Report on Tongariro (New Zealand) — 10 October-16 October 2012
Smithsonian / US Geological Survey Weekly Volcanic Activity Report, 10 October-16 October 2012
Managing Editor: Sally Kuhn Sennert
Please cite this report as:
Global Volcanism Program, 2012. Report on Tongariro (New Zealand). In: Sennert, S K (ed.), Weekly Volcanic Activity Report, 10 October-16 October 2012. Smithsonian Institution and US Geological Survey.
39.157°S, 175.632°E; summit elev. 1978 m
All times are local (unless otherwise noted)
On 12 October, the GeoNet Data Centre reported that Tongariro had been degassing after the 6 August eruption from the Te Mari Craters. Gas plumes drifted downwind and were detected a hundred kilometers or more away. During the previous two weeks an odor was noticed in Manawatu (112 km S) and Hawke's Bay (120 km ESE).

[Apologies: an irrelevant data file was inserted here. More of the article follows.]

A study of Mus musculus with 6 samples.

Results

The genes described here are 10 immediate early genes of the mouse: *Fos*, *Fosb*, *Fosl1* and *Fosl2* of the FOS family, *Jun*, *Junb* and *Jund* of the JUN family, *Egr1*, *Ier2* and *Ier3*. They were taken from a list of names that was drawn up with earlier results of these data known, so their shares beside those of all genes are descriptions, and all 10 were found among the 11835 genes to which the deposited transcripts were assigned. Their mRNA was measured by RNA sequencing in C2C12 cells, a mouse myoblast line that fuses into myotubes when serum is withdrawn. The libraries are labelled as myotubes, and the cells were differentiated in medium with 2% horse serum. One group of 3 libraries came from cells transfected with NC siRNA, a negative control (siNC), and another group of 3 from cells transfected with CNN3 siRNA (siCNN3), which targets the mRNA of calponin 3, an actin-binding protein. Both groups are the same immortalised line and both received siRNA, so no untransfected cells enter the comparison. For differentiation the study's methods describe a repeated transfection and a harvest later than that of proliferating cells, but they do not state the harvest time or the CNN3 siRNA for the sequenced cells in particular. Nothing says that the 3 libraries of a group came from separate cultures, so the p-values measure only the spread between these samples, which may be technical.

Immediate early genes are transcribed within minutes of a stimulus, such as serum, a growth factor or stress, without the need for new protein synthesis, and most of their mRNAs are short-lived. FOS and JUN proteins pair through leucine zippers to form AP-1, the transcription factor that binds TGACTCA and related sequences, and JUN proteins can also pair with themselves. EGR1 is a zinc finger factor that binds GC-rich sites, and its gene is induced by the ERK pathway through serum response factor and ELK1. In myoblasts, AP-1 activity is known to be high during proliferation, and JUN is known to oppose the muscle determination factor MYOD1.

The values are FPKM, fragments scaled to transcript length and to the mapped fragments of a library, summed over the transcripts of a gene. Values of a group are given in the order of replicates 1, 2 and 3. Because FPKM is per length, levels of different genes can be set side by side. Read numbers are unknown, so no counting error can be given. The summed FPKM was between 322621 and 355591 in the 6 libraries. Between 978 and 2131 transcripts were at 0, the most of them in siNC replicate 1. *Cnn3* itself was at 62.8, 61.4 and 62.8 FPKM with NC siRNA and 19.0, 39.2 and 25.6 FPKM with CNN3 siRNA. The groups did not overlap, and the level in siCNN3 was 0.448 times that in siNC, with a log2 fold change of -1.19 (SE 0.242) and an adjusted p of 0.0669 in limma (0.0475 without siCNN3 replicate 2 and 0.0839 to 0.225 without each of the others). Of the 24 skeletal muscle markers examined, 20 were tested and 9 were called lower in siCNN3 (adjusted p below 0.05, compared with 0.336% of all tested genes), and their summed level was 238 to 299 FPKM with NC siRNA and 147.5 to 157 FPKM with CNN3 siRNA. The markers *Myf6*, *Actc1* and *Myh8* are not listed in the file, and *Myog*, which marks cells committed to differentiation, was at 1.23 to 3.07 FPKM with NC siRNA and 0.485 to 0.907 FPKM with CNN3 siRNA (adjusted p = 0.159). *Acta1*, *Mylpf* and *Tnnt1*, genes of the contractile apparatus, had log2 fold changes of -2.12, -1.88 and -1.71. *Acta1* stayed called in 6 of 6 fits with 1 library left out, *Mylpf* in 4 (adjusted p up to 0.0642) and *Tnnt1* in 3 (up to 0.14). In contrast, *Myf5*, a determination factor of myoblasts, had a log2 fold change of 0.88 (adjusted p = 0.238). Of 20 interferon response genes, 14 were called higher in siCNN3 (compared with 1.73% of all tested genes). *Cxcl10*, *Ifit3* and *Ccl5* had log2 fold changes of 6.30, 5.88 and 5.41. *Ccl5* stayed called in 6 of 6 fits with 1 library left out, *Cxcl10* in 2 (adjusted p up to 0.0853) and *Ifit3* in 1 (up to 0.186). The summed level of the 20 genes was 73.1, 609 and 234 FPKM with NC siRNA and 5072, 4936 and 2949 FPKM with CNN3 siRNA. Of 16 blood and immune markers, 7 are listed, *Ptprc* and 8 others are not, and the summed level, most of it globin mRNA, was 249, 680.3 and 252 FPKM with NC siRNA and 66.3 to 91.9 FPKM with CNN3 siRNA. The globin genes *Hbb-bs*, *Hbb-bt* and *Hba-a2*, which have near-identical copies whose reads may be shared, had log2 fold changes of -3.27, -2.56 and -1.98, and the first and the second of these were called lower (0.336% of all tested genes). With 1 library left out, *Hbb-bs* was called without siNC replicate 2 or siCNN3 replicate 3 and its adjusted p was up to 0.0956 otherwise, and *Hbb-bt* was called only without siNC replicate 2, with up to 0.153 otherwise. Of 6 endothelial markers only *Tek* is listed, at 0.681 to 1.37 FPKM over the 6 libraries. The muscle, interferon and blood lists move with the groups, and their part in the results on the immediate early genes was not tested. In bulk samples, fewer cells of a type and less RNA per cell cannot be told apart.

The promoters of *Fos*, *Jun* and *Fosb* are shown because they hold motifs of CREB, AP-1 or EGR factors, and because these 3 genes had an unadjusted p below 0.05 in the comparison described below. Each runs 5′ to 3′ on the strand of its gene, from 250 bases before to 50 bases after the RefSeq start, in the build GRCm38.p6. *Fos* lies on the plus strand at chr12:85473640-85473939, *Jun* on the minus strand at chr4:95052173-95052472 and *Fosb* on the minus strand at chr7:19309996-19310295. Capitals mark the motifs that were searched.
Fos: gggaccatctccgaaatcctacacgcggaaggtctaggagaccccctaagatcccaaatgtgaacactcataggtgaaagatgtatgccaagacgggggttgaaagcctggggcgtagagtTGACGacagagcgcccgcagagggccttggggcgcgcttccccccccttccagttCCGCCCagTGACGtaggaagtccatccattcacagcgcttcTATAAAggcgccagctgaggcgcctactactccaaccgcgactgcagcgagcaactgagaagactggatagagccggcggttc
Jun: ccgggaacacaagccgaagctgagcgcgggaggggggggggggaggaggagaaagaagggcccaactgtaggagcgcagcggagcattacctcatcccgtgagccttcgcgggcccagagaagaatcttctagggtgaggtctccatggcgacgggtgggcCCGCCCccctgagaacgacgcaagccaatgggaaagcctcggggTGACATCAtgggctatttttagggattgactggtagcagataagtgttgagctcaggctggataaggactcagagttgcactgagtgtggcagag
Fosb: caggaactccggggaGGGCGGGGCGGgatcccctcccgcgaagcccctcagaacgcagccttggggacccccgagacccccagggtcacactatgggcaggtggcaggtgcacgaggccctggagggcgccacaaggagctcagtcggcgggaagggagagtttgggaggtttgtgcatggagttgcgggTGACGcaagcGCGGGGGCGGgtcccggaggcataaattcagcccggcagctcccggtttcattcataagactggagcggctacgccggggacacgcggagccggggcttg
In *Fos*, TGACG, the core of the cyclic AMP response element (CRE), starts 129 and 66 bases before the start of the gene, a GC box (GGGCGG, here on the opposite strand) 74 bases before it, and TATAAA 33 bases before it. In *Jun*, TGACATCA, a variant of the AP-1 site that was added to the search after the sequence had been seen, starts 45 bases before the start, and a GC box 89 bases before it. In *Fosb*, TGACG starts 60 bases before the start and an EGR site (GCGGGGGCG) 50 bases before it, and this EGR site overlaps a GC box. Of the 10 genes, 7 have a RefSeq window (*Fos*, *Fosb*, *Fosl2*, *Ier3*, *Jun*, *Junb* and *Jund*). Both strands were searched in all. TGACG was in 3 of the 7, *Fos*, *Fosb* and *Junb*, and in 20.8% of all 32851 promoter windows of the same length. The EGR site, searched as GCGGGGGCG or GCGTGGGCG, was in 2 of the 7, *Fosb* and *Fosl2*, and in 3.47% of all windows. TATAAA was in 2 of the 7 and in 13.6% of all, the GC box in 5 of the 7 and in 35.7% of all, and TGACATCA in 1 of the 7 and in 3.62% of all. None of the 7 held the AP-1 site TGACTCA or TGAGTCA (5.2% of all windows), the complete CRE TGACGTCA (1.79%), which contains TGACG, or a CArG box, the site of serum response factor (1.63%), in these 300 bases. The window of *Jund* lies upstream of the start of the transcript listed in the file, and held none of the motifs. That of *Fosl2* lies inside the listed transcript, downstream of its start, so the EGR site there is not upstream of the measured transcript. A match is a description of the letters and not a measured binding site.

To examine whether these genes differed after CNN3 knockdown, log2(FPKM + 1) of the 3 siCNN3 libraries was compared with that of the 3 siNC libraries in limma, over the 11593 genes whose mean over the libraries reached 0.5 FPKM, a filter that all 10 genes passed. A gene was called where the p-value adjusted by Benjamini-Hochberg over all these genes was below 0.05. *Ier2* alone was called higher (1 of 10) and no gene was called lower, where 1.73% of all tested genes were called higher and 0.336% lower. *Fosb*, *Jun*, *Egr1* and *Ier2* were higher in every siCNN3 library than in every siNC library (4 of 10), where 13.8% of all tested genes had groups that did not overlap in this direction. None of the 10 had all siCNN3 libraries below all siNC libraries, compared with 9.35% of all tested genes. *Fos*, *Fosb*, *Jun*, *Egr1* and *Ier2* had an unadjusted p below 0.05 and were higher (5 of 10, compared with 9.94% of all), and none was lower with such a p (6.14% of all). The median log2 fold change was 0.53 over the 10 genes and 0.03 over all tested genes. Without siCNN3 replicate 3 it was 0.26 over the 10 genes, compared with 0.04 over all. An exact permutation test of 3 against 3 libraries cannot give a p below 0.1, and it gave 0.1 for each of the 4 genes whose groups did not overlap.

Geologic Background. Tongariro is a large volcanic massif, located immediately NE of Ruapehu volcano, that is composed of more than a dozen composite cones constructed over a period of 275,000 years. Vents along a NE-trending zone extending from Saddle Cone (below Ruapehu) to Te Maari crater (including vents at the present-day location of Ngauruhoe) were active during several hundred years around 10,000 years ago, producing the largest known eruptions at the Tongariro complex during the Holocene. North Crater stratovolcano is truncated by a broad, shallow crater filled by a solidified lava lake that is cut on the NW side by a small explosion crater. The youngest cone, Ngauruhoe, is also the highest peak.